Daytime TV: A class apart

The politics of the North-South divide gave material for many gritty novels of the 1960s, says Gary Day

September 23, 2010

Until 1960, the North of England was an undiscovered country. That, at any rate, was the view of Andrew Martin in his intriguing film, 1960: The Year of the North (BBC Four, Tuesday 14 September, 9pm). Of course, it was only Southerners who didn't know the North existed. Northerners had the place mapped before the Vikings arrived. What was it, then, about that year that catapulted the North into the national consciousness?

John Bulmer, a photographer, said that travelling North was akin to visiting New Guinea. Now that Britain was losing its empire, it was time to explore the dark continent of home. Certainly the inhabitants were portrayed in a manner similar to the natives of Africa and India: backward and buffoonish. At first, anyway. Think of George Formby. But later there was a genuine attempt to convey Northern life in all its grey, gritty, rain-sodden reality.

David Storey's This Sporting Life (1963) was a paradigm. Its anti-hero, Frank Machin, is gauche and brutal but he also represents a rootedness lacking in the rest of society. Such images of the Northern male were used to beef up a bloodless consumer culture, but they also provoked a feminist response.

Dr Tracy Hargreaves of the University of Leeds opined that Liz, the main female character in Billy Liar, is an early example of feminist rebellion because she discards that badge of Northern womanhood, the headscarf, and tosses her hair in a carefree way. An action that reminded me of a thousand shampoo adverts more than a blow for female liberation. A more convincing instance of nascent feminism, spotted by Tracy, was that Liz makes it to London while Billy misses the train.

Mr Martin's answer to the question of why the North became all the rage was money. Ah, so that's why Southerners took an interest in the region. They saw a chance to profit from the newly enriched Northern working class, yes? No, that is not what he meant at all. The high wages enjoyed by factory workers gave the North a new pride and self-confidence. The inhabitants could now afford to buy televisions, just like them posh folk down in London. Isn't civilisation a wonderful thing?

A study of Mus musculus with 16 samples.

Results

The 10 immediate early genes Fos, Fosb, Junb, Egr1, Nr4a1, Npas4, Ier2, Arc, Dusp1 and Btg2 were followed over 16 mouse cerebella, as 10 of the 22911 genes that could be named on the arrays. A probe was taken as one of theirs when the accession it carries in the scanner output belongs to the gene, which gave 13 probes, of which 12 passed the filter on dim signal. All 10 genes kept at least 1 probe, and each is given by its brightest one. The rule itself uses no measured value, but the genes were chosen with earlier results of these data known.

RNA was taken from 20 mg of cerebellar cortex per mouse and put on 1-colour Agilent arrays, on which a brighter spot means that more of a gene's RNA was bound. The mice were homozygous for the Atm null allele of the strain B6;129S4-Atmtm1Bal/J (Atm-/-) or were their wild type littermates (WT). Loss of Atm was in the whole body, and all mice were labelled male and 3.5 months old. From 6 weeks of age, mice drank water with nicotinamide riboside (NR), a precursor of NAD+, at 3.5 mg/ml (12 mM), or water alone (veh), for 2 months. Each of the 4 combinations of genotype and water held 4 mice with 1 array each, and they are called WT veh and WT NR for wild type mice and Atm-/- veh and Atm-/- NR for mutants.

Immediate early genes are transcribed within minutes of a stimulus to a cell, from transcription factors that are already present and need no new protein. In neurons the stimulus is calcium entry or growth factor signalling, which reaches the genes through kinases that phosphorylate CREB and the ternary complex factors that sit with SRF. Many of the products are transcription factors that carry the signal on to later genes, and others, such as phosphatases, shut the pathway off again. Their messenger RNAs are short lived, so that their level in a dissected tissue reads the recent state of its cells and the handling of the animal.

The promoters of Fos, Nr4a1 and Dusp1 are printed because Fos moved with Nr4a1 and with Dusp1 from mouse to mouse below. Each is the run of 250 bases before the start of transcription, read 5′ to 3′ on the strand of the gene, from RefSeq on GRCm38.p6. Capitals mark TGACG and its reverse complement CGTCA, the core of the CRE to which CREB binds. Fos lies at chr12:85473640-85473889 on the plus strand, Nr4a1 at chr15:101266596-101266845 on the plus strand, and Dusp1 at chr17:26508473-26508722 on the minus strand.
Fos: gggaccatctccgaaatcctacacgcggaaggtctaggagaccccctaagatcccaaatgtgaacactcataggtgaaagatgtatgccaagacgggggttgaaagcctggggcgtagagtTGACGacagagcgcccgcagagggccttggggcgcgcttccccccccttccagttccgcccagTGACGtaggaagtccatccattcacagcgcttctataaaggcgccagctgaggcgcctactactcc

But as Arthur Seaton, the anti-hero of Alan Sillitoe's Saturday Night and Sunday Morning (1958), declared, people may have more things but they're "dead from the neck upwards". They got consumerism but lost their culture. A history of political protest degenerated into a hire purchase agreement. That view received its most considered and poignant expression in Richard Hoggart's The Uses of Literacy (1957), a work that inspired the novelist Stan Barstow.

Barstow spoke movingly of street life in his native Yorkshire. Then, the term was synonymous with community, but now it's the setting for gang war. Old film showed a busy scene: children climbing railings, girls skipping, boys playing football, women gossiping, men poring over the sporting pages and everyone popping in and out of each other's houses. Tony Warren sought to capture that neighbourliness in Coronation Street, first aired on 9 December 1960. He insisted, on the grounds of authenticity, that only Northern actors be used. He must have been hopping mad when he saw Corrie: The Road to Coronation Street (BBC Four, Thursday 16 September, 9pm) because Southern actors were used to portray their Northern counterparts. Jessie Wallace as Pat Phoenix? Please.

Warren was from Lancashire, Barstow and Hoggart were from Yorkshire and Sillitoe was from Nottingham - which some may say is not the North at all. If the programme had a fault, it was the failure to distinguish between different areas of the North. Yorkshire, for example, which is where I come from, has a better accent, better views, better food and, really, better everything compared with what you find in Lancashire.

But we can forgive Mr Martin such omissions because you can pack only so much into an hour. Even less if Ray Gosling is one of your talking heads. He spoke so slowly, his hair fell asleep. It gradually sank from pointing straight up to lying flat on his head. But what he said was true. That the old class politics between the North and the South was displaced on to the internal conflicts of the working class itself, between father and son, between office and shop floor, between those in the old terraces and those on the new estates and between those whose amusements were communal and those who withdrew to the privacy of their own homes.

The Pope popped over to see us. He held a mass in Westminster Abbey (Papal Mass from Westminster Cathedral, BBC Two, Saturday 18 September, 9.40am). Monsignor Mark Langham said the Pope would incense the altar. Why not? He seems to have incensed everyone else.